Incredible-but-true tales from Tamaqua's past will come to life October 24 and 25 during the 9th Annual Ghostly Spirits of Tamaqua Tours.
The event, presented by the Tamaqua Historical Society, is a combination bus and walking tour that takes participants on a visit to the community's spookiest and most bizarre sites, including two cemeteries and specific buildings that played a role in unusual happenings.
One aspect that makes the event unique, organizers say, is that all of the stories featured are true. Corroborating facts are presented including names, dates and other details.
The final product, they say, is a tour that is not only hair-raising, but educational.
"It's definitely an eye opener," says Dale Freudenberger, society president. "It's a fascinating and exciting tour unlike any other offered in the region."
The tour will feature such remarkable stories as how the bodies of alleged Molly Maguires were stored in Tamaqua and kept on ice on three separate occasions.
The tour also will explore the mystery of William Heath, a Tamaqua man in the Seventh Cavalry who served with General George Armstrong Custer on the morning of the Battle of Little Bighorn. Despite being listed as killed in action, Heath survived and lived in Tamaqua for 15 years after the massacre.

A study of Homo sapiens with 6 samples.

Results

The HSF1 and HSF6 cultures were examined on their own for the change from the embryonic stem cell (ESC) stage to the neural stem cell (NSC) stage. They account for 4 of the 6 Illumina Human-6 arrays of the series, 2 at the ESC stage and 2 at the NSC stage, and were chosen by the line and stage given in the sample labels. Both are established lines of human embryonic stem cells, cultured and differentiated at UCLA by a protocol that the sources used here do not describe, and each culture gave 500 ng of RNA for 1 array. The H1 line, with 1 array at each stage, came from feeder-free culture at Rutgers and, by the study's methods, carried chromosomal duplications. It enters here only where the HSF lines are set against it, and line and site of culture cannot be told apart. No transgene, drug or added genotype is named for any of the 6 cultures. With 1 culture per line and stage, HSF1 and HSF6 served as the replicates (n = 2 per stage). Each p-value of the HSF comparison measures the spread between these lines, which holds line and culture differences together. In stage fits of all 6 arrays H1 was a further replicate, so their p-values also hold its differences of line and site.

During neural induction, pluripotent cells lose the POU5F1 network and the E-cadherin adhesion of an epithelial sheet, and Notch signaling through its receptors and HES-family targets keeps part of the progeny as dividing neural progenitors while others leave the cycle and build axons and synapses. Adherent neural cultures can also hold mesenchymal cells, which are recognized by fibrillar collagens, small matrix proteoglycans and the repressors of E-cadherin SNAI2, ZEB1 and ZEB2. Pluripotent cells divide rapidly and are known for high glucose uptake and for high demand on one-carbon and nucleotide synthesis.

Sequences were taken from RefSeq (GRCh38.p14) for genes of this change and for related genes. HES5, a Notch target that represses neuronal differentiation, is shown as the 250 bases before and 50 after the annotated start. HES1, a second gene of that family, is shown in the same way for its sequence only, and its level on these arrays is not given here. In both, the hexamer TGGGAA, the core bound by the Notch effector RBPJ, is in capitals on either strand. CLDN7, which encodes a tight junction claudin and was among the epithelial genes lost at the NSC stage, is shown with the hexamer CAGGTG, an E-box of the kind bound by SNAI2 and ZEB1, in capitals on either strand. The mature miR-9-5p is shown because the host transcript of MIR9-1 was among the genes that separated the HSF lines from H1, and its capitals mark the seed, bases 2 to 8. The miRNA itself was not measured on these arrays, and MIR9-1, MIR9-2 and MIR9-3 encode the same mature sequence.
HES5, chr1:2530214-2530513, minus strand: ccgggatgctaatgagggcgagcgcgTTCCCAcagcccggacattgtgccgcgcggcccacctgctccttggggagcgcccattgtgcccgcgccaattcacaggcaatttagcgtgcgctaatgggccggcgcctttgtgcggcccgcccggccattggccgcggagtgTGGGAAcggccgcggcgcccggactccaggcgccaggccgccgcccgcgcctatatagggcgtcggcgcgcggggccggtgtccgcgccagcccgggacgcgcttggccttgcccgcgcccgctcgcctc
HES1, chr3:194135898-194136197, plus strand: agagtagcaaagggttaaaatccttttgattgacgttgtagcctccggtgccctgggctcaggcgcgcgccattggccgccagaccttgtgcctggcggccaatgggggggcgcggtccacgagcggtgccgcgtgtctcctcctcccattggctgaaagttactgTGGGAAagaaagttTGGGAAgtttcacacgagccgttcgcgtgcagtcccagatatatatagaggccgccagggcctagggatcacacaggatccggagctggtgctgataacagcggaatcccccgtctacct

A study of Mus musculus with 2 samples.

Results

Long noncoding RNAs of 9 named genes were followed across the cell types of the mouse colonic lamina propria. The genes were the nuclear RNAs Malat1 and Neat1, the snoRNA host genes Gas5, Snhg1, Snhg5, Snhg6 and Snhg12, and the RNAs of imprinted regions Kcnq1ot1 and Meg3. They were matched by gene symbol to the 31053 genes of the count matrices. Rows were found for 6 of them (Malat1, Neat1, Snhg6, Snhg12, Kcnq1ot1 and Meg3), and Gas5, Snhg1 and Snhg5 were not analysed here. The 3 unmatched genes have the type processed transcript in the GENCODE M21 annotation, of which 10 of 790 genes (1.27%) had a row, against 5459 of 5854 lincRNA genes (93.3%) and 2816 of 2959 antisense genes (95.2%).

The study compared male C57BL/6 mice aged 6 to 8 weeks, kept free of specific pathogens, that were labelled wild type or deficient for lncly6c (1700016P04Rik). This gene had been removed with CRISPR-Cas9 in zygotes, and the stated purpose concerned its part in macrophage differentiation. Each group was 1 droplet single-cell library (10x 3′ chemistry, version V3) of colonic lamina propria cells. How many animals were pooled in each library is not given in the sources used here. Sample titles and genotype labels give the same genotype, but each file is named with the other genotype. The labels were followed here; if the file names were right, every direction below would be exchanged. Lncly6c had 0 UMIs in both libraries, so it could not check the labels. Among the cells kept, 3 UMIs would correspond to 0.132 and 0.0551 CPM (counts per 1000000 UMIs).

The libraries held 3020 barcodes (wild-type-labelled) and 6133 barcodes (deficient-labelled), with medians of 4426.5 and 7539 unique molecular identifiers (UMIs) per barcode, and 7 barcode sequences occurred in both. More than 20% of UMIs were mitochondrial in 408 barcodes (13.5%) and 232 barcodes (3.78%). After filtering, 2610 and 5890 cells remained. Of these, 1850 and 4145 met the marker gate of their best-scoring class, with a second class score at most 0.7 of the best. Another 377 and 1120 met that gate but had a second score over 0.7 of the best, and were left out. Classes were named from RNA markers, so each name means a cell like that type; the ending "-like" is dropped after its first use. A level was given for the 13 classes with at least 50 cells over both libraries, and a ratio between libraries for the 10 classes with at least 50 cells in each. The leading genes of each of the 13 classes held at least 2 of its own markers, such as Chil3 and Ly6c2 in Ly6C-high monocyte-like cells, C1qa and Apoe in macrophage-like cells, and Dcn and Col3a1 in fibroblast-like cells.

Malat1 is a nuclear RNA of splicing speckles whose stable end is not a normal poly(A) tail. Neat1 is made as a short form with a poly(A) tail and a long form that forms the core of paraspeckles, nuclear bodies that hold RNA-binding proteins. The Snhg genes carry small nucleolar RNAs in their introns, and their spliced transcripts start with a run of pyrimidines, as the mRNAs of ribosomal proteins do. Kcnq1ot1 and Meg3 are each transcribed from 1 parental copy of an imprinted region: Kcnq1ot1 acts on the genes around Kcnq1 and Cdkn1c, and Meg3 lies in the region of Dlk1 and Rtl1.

The tour will stop at the front of a few historic buildings, such as a mansion on West Broad Street where, in 2001, a psychic and supporting team of paranormal experts detected the floating spirit of a woman in white. The strange presence reportedly manifests itself as a woman who lived long ago, her spirit constantly moving and surrounded by a cold draft.
One of the tour stops will be the front of the Tamaqua Elks Lodge, site of numerous unusual occurrences and a building singled out by several paranormal groups as a haunted location.
The tours begin at 7 p.m. at the Tamaqua Public Library, South Railroad St., and last 2 1/2 hours.
More information is available at (570) 668-1880.